Wall of Shame: 11Alive News Atlanta refers to murder as “Mercy Killing

A woman murdered her disabled son in Georgia. It’s a tragic story. His father discovered when he came to pick up his son for a visitation. This is just brutal:

The boy’s father came to pick him up for regular visitation but when he got there, no one came to the door. And that wasn’t typical.
The sheriff described how the father said those routine visits normally started.
“When he comes to visit, the kid comes to the door and is excited to see him,” Sheriff Tony Wooten said.
Feeling that something was wrong, the father called 911. But once inside, deputies found a devastating scene.

I can’t tell you any more about the boy – his likes, his dislikes, his needs, his desires – because the news report focuses on the mother. Worst of all, the headline writer speculated that this murder might be a “mercy killing.”
Here’s a screenshot from 11:30 AM CST on 11/09/15 (link to the article – UPDATE 6:34 11/9 The news station has removed all references to “mercy killing” but not acknowledged corrections)

The headline reads: Dawsonville mother shoots disabled son, self in possible mercy killing. On the video, it reads, “Police: Mom kills disabled son, then herself.” One DEK (a subheadline) read – “Murder-suicide or mercy killing?” Such rhetoric suggests that if she did it to spare the boy suffering, it’s not murder.

There was a certain amount of twitter outrage, including from me. 

In fact, I had just spoken about this on Tuesday at Access Living Chicago, when, at a workshop sponsored by Poynter on disability journalism, I talked about the need to write victim-centered stories in these tragic cases. I wrote about that for CNN a year ago after London McCabe was murdered.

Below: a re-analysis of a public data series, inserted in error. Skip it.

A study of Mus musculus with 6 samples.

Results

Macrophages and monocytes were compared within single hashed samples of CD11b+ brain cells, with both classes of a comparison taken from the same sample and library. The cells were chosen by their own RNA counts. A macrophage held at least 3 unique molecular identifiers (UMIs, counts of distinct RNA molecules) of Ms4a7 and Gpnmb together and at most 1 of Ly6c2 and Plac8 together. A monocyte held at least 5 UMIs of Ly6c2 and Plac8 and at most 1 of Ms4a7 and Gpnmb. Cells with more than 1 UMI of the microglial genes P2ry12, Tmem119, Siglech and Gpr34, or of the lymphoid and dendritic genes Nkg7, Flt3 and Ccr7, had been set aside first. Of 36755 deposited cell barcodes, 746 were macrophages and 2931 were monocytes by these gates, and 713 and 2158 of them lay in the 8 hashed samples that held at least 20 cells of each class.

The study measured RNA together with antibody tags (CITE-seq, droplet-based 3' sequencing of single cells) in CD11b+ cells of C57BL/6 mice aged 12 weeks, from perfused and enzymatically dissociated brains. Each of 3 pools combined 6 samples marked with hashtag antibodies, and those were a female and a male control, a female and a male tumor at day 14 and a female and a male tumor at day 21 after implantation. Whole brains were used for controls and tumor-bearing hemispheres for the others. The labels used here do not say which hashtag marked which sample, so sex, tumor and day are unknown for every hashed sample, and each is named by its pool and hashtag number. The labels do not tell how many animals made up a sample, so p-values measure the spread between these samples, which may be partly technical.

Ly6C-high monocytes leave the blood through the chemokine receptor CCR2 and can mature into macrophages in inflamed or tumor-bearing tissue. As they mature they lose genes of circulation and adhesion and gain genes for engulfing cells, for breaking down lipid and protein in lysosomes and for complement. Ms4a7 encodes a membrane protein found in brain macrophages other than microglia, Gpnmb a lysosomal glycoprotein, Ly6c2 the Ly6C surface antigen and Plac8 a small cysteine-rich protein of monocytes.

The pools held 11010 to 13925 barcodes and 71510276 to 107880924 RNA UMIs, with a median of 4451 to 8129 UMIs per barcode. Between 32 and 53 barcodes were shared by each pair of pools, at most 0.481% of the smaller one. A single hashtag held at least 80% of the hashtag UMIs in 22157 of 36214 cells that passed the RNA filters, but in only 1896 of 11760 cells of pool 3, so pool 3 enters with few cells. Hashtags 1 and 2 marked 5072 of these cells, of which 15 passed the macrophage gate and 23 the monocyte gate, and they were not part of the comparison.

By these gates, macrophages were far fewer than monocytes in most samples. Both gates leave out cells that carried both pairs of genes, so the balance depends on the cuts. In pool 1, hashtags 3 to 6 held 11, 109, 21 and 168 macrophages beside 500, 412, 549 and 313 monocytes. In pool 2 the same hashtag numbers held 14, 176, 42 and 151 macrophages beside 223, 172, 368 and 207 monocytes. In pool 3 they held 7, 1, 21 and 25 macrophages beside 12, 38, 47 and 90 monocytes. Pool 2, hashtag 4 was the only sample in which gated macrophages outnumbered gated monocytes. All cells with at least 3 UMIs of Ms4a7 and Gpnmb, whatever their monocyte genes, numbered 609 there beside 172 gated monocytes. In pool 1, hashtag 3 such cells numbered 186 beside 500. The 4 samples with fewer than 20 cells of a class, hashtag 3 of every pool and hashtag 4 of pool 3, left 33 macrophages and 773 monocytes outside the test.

Stories about lack of support services position children with disabilities as burdens to their families. They portray the crime as understandable. Such stories perpetuate the idea that it’s better to be dead than to be disabled, that life with disability is life without meaning, and that tired, stressed, caregivers have no hope. No wonder, in such a narrative, the parents do such terrible things. The children, or at least their disabilities, become responsible for their death.
Such stories do not just erase the victims, they are also generally inaccurate. In fact, this kind of killing is typically driven not by a lack of services, but by a warped understanding of disability itself.
London McCabe did not want to die. London liked big hats. He liked fuzzy stuffed animals. He made a wish on his cupcake for his sixth birthday. In September, his father wrote, “London is pleased as punch. He lays on our laps and puts our hands together. Last night he made the ‘mmmwha!’ sound and gave his Mommy a kiss. Then he made the same sound and pushed our faces together. He’s all smiles.”

I was thinking about that last paragraph, a paragraph that crushed me to write and still hurts to read, as in the description of this latest victim’s enthusiasm to see his father. He was a real person. He’s been murdered.

And this news station called it a mercy killing. 

Fortunately, the headline has changed. It now reads – “Police: Dawsonville mother shoots disabled son, self.”

I’m glad they listened. I’ve called the station asking for comment and will let you know if I hear anything.

Update 2:58 CST 11/9: It’s pointed out in the comments below that the piece still leads with “murder-suicide or mercy killing?” Contact them here.